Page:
It has been an up-and-down year for the stock market, and despite their usual slow-and-steady style, the same has been true for utility stocks.
Utilities were beaten down in anticipation of a rate hike from Janet Yellen and the Fed. After peaking near $50 in late January, the Utilities Select Sector SPDR ETF (XLU) sank to almost $40 by late June.
Now that investors know Yellen & Co. are feeling dovish, though, and have again kicked the can down the road with regards to a rate hike, some picks within the sector are rebounding. While XLU is barely sitting about $40 still, it has gained almost 4% in the last month — while the broader market has hardly budged — and has been the best-performing sector since the Fed announcement.
Such a correlation is logical, of course — investors hungry for yield are far from satiated by 10-year Treasuries. The yield barely tops 2% right now … less than the 2.2% dividend yield of the overall S&P 500!
Meanwhile, utilities are known for their extra-sweet payouts.
Plus, while the consensus seems to be for a December rate hike right now, investors were also bracing for a September move that never came.
Put another way, the low-yield environment could be here to stay for a bit — and that bodes well for utility stocks.
Opportunities Across Utility Stocks
The proof is in the pudding, too. American Water Works (AWK) and Atmos Energy (ATO) have each gained about 8% over the last month, Aqua America (WTR) and Consolidated Edison (ED) have each improved by 7%, while Public Service Enterprise Group (PEG) has posted 6% gains — also nothing to sneeze at.
PEG stock, for one, is a domestic energy holding company focused on the transmission of electricity and distribution of electricity and natural gas. And while that’s nice, it’s the company’s yield that really makes it worth considering right now. Even after the recent climb, Public Service Enterprise Group’s 39-cent quarterly payout translates to a forward yield of 3.8% — nearly double the 10-year Treasuries.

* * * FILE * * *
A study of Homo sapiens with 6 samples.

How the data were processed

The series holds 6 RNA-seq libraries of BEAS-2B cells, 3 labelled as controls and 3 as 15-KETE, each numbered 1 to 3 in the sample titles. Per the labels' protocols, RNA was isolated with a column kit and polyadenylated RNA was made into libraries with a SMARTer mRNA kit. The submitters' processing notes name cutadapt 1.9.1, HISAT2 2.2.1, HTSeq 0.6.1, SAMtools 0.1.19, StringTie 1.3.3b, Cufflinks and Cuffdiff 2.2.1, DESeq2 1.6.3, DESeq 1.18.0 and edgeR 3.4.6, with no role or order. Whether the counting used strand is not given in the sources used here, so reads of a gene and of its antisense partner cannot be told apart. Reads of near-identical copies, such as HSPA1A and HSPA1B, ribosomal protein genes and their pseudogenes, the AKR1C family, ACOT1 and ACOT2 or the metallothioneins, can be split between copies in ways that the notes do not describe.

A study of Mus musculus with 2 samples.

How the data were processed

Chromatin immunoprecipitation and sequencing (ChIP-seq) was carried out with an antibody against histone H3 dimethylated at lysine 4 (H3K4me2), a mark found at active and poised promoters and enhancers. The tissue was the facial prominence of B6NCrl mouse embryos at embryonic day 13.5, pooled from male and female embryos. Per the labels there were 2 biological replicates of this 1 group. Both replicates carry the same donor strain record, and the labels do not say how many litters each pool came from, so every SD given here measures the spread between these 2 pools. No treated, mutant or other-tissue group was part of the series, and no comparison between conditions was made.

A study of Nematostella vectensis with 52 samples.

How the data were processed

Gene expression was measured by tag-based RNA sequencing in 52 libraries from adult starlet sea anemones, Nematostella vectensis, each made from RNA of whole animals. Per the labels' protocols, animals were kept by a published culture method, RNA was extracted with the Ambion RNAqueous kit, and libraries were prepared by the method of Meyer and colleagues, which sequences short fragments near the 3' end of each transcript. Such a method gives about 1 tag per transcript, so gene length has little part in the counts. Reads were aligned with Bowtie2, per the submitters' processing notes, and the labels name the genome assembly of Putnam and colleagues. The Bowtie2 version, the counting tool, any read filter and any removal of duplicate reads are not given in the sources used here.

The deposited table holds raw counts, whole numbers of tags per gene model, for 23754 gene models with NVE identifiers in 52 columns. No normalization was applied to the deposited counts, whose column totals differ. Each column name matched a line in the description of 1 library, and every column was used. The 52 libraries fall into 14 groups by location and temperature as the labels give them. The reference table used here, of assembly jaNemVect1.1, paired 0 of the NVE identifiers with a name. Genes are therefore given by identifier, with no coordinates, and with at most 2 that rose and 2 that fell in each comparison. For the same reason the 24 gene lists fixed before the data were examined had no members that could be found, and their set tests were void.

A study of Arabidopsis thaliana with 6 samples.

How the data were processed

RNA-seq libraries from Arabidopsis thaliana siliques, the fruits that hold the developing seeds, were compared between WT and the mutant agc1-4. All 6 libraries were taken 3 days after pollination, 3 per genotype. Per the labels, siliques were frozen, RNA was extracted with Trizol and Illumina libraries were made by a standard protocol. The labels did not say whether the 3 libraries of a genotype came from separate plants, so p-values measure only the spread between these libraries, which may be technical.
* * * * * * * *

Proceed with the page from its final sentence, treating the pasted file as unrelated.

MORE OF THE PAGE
One thing to note: Earnings and revenue are slated to move more or less sideways for PEG in the next couple of years … but that’s to be expected with the sector. Stocks with explosive growth don’t shell out big-time dividend payments as a general rule.
And it’s not just big-time dividend payments that make PEG stock attractive — it’s payments that keep getting bigger.
Since PEG posted a two-for-one stock split in early 2008, it has raised its dividend every year — even in the depths of the Great Recession — except for in 2011.
In other words, that yield is consistent. And the increases have been substantial, too. The quarterly payout was just over 32 cents in 2008. That means the current 39-cent payout translates to an impressive 22% expansion.
Toss in a reasonable payout ratio and the fact that PEG is a relatively stable stock with a beta of just 0.66, and it’s obvious why investors seeking income and stability are piling in.
Hilary Kramer is the editor of GameChangers, Breakout Stocks Under $10, High Octane Trader, Absolute Capital Return and Value Authority. She is an accomplished investment specialist and market strategist with more than 25 years of experience in portfolio management, equity research, trading, and risk management. She has extensive expertise in global financial management, asset allocation, investment banking and private equity ventures, and is regularly sought after to provide her analysis on Bloomberg, CNBC, Fox Business Network and other media.